2021: The year in review

It was a year of innovation, collaboration and for one institution, a new name. As I reflect on all that has been accomplished in 2021, it is clear that our members rose to the challenges of the pandemic and, at the same time, actively contributed to efforts to combat climate change, advance Indigenous reconciliation and enable inclusive recovery. 

Here are a few highlights that stood out for me: 

Applied Research and Innovation 

From building portable astronaut shelters at Kwantlen Polytechnic University to developing the next generation of protective coating for COVID-19 vaccines at Seneca, our members engaged in a full-spectrum of applied research and innovation projects. 

Environmental sustainability was at the centre of many projects this year. Not only did the Southern Alberta Institute of Technology build one of the world’s greenest houses, they also opened their Water and Wastewater Pilot Scale Treatment Lab in October. Equipped with the latest technology, the new lab prepares students with the hands-on skills they will need to ensure a clean water supply in communities across the country.

A little further north, the Northern Alberta Institute of Technology (NAIT) has been spearheading a project to train Indigenous youth and adults to reclaim and reforest former industrial sites. 

Innovation activity benefits communities in other ways as well. At the start of the year, Conestoga launched its Canadian Institute for Seniors Care, increasing both research and workforce capacity associated with an aging population. In May, Fanshawe opened a new oral health clinic, providing dental services to low-income members of the community. 


Partnerships with industry and community organizations make the polytechnic model of education stand apart. In 2021, many of our member institutions leveraged joint initiatives in support of underrepresented groups. 

George Brown College, for example, partnered with the Pinball Clemons Foundation and Royal Bank of Canada to provide BIPOC (Black, Indigenous and People of Colour) youth with educational resources and career pathways in business administration and financial services.

The British Columbia Institute of Technology, in cooperation with Siemens Canada, Denesoline Corporation and the Digital Supercluster, is providing vocational training on clean energy power plants to members of the Łutsël K’é Dene community. This program builds capacity within the community to operate microgrid systems and creates high-paying jobs while also expediting the transition of northern communities to renewable energy sources.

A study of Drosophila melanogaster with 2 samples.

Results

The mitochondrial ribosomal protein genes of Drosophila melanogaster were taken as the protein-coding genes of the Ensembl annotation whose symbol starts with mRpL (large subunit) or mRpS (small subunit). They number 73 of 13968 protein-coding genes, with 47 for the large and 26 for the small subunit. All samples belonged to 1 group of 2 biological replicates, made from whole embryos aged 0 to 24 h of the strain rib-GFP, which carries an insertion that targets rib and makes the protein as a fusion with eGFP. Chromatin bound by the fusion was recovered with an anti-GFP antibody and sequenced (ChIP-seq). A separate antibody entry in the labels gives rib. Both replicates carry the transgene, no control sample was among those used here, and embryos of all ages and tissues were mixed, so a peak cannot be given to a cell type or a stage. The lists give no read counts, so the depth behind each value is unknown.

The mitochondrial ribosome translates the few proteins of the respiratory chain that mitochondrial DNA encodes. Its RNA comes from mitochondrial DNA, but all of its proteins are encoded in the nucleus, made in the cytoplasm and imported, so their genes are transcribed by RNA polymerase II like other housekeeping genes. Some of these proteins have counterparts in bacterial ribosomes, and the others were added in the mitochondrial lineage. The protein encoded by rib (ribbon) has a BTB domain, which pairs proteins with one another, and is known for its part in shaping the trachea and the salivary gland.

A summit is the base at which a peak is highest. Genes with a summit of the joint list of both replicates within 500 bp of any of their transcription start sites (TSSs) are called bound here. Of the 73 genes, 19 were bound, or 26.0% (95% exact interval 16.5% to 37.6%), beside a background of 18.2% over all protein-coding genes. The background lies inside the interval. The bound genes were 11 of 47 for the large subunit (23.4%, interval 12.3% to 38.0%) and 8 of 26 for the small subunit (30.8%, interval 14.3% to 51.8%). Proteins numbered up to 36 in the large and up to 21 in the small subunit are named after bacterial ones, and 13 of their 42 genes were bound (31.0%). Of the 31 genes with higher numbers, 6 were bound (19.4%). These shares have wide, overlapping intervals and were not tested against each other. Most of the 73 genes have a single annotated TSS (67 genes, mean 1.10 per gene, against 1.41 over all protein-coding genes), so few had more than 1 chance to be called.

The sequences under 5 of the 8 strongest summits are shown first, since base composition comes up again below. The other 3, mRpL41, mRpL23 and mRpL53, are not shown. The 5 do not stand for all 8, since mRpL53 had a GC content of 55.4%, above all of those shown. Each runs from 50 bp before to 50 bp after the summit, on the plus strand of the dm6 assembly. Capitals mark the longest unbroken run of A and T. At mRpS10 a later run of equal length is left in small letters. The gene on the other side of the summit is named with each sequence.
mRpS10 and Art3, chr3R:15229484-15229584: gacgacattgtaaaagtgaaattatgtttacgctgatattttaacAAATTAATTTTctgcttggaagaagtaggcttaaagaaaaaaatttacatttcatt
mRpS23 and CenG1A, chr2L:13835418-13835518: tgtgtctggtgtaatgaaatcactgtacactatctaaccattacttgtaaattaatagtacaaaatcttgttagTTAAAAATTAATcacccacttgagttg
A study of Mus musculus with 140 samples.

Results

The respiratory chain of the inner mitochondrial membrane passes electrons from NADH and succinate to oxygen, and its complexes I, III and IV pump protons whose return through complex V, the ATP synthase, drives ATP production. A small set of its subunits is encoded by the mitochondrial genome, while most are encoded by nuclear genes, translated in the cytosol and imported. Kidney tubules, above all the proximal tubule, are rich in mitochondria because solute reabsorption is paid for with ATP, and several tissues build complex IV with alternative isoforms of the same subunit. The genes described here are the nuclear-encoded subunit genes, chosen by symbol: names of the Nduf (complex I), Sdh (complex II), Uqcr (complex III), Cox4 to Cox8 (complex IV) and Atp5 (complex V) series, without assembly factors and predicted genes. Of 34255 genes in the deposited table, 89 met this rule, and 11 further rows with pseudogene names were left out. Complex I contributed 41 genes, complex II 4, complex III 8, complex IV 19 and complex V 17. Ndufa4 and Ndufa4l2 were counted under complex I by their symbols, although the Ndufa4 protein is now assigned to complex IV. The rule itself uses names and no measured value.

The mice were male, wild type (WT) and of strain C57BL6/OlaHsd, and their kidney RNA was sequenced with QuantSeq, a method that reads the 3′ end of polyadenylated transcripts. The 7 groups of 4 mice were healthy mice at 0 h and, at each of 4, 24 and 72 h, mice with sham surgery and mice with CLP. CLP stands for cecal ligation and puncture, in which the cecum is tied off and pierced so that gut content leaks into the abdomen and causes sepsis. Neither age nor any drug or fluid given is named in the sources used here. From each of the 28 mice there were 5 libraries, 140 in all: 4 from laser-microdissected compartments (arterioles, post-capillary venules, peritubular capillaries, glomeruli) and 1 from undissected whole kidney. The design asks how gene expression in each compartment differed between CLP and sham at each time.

Beyond these new partnerships, we also saw some strengthen longstanding relationships. Algonquin College and HealthCareCAN signed an agreement to expand their collaboration to deliver online training programs and build a “Campus of Care” for healthcare professionals across the country. Humber and Seneca enhanced their Humber-Seneca Polytechnic Partnership by adding 200 new academic transfer pathways for students.

Over the years, Cowessess First Nation and Saskatchewan Polytechnic have engaged in several joint initiatives.  In June, when unmarked residential school graves were discovered, the pair launched a Remote Sensing of Residential School Cemeteries applied research project. While the project has refined the use of remote sensing technologies and produced scientific findings, it has, more importantly, helped Cowessess First Nation narrate their story.

New Programs 

While the micro-credential movement was well underway before the pandemic, these short-cycle offerings caught the attention of governments across the country in 2021.  Increasingly, micro-credentials have emerged as a solution to the dramatic pace of change in today’s labour market.

Four of our members – BCIT, Fanshawe, SAIT and Saskatchewan Polytechnic – launched micro-credential programs. Other institutions added to their micro-credential offerings in response to industry needs. For example, RRC Polytech, in collaboration with IBM Canada, released three complementary digital credentials to address underdeveloped skills in Manitoba’s IT sector. 

Our member institutions also continued to address emerging labour market gaps. When the Ontario government announced funding to train new personal support workers (PSW) back in February, all seven of our Ontario members became delivery partners offering free training to help fill more than 8,000 PSW jobs in the province’s health and long-term care sectors. 

Understanding that small organizations were struggling with the abrupt, pandemic-induced shift to online business, Sheridan launched a 12-week digital marketing program that included $500 toward online marketing activities and expenses. RRC Polytech developed a suite of new social innovation micro-credentials to help businesses embed reconciliation efforts into their operations. 

The work of Canada’s polytechnics in 2021 really demonstrated their role in addressing society’s most pressing challenges – developing a highly skilled talent pipeline, boosting business innovation and providing support to marginalized groups among them. With 2022 on the horizon, I look forward to seeing how our members continue to contribute to a country that is more equitable, sustainable and resilient than the one we live in today. 

For more of the top stories from 2021, check out Our Members page.

About the Authors

Alexandra HornbyMore Info

Alexandra Hornby is the Communications Coordinator at Polytechnics Canada.

Nikita SukharevMore Info

Nikita Sukharev is a writer at Jooble.